Seasonal Darwinism

The time scale of viral evolution is hours. The infectious vectors called virions can each produce thousands of copies of themselves from a single infected cell. Within hours, natural selection will determine which virions will successfully infect another cell/organ/individual; and which will die.

In ecology, the opposing reproductive strategies of wide dispersal and rapid colonization vs. taking a stand and extracting maximal resources are mathematically modeled as r and k selection, respectively. R selection favors being a weed. K selection favors being a giant sequoia.

The hypothesis of seasonal Darwinism attempts to explain the mysterious seasonality of some viruses as near real time r selection, favoring dispersal and transmissivity, during the summer when human populations are better fed, more dispersed, more outside, and more vitamin D enriched; and k selection, favoring virulence, in the winter when these factors are reversed.

SARS 2 is a single stranded positive RNA virus. It must first create a negative copy for replication, making replication and translation at the same time more difficult. The virus must balance these two processes, and the balance struck determines how many copies of itself it makes–its virulence. Selection based on this balancing strategy, with virulence favored when it is easy to find new hosts, and transmission–producing fewer copies for a longer period of time–when finding new hosts becomes more difficult.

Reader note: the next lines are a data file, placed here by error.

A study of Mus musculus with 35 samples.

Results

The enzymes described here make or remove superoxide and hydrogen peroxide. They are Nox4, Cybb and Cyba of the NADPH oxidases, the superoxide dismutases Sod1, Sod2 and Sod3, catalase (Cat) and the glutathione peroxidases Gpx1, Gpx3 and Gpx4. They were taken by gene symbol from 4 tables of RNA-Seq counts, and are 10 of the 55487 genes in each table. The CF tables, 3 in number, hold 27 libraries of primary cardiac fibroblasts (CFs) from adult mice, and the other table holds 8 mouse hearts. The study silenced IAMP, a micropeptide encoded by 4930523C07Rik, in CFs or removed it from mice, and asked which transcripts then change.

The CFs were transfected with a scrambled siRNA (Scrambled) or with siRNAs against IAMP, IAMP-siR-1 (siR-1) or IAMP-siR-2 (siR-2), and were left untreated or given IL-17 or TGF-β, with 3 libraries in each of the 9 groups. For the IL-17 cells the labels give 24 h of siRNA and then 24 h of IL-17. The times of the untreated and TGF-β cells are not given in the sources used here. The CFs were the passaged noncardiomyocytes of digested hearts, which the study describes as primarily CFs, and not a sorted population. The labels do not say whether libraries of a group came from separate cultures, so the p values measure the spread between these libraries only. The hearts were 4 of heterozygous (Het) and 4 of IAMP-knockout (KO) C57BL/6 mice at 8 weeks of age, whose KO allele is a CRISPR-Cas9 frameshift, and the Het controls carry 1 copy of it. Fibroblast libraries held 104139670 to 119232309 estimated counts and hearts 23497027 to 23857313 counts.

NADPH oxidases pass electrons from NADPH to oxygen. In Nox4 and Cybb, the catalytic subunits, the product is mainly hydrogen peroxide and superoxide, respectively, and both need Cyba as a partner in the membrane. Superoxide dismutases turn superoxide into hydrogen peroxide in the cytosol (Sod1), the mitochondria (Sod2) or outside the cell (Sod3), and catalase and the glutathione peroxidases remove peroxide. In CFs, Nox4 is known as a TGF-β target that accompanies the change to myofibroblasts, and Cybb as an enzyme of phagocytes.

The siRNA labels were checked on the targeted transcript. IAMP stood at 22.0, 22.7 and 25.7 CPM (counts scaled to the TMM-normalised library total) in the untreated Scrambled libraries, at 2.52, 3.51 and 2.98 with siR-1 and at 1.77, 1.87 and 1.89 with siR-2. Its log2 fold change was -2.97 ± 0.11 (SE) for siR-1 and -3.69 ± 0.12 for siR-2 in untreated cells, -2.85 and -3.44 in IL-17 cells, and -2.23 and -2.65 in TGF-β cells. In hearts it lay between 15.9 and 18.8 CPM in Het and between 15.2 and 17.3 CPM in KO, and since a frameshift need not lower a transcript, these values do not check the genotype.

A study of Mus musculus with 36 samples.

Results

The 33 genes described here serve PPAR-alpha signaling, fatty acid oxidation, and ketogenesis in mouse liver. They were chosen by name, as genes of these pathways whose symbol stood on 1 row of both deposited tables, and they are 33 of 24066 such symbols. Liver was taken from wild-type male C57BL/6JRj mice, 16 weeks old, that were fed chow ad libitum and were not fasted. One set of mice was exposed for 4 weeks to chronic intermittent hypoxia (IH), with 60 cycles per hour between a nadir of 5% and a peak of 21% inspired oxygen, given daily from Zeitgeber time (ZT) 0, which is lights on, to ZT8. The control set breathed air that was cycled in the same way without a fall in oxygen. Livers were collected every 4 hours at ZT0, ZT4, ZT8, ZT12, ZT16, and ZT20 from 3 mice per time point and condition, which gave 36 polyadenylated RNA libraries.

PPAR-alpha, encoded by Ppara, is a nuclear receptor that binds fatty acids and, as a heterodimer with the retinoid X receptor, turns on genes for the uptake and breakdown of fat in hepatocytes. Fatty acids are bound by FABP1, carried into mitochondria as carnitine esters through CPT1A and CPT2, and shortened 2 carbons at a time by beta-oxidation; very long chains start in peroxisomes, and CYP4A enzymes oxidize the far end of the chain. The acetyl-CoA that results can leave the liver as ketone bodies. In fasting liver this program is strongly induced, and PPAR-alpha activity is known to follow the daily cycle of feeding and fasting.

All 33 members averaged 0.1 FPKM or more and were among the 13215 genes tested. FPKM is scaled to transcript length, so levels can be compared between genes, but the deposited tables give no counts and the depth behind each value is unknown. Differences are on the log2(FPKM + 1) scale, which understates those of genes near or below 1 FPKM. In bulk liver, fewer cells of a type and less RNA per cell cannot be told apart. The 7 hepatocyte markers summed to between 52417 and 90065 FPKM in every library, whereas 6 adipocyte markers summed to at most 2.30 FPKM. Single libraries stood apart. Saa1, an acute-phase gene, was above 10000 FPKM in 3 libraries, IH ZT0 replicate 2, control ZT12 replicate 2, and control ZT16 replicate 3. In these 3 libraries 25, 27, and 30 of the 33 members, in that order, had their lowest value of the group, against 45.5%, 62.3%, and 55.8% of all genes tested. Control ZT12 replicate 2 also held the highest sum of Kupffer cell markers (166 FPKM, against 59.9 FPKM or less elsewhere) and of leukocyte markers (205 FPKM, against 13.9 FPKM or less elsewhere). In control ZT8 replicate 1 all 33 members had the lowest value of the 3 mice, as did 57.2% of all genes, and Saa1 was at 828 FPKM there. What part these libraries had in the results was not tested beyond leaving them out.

One might argue that SARS 2 is not seasonal since a resurgence has taken place over much of the northern hemisphere summer, but this resurgence has clearly been less virulent, with a far lower case fatality ratio. The coming winter will tell.

Credit: These ideas are strongly influenced by Patrick Stewart on his blog, oldwivesandvirologists. He believes strongly in a temperature switch in the viral RNA secondary structure. Whether or not this proves to be the case, natural selection based on conditions of the host population–seasonal Darwinism–can explain much of viral seasonality.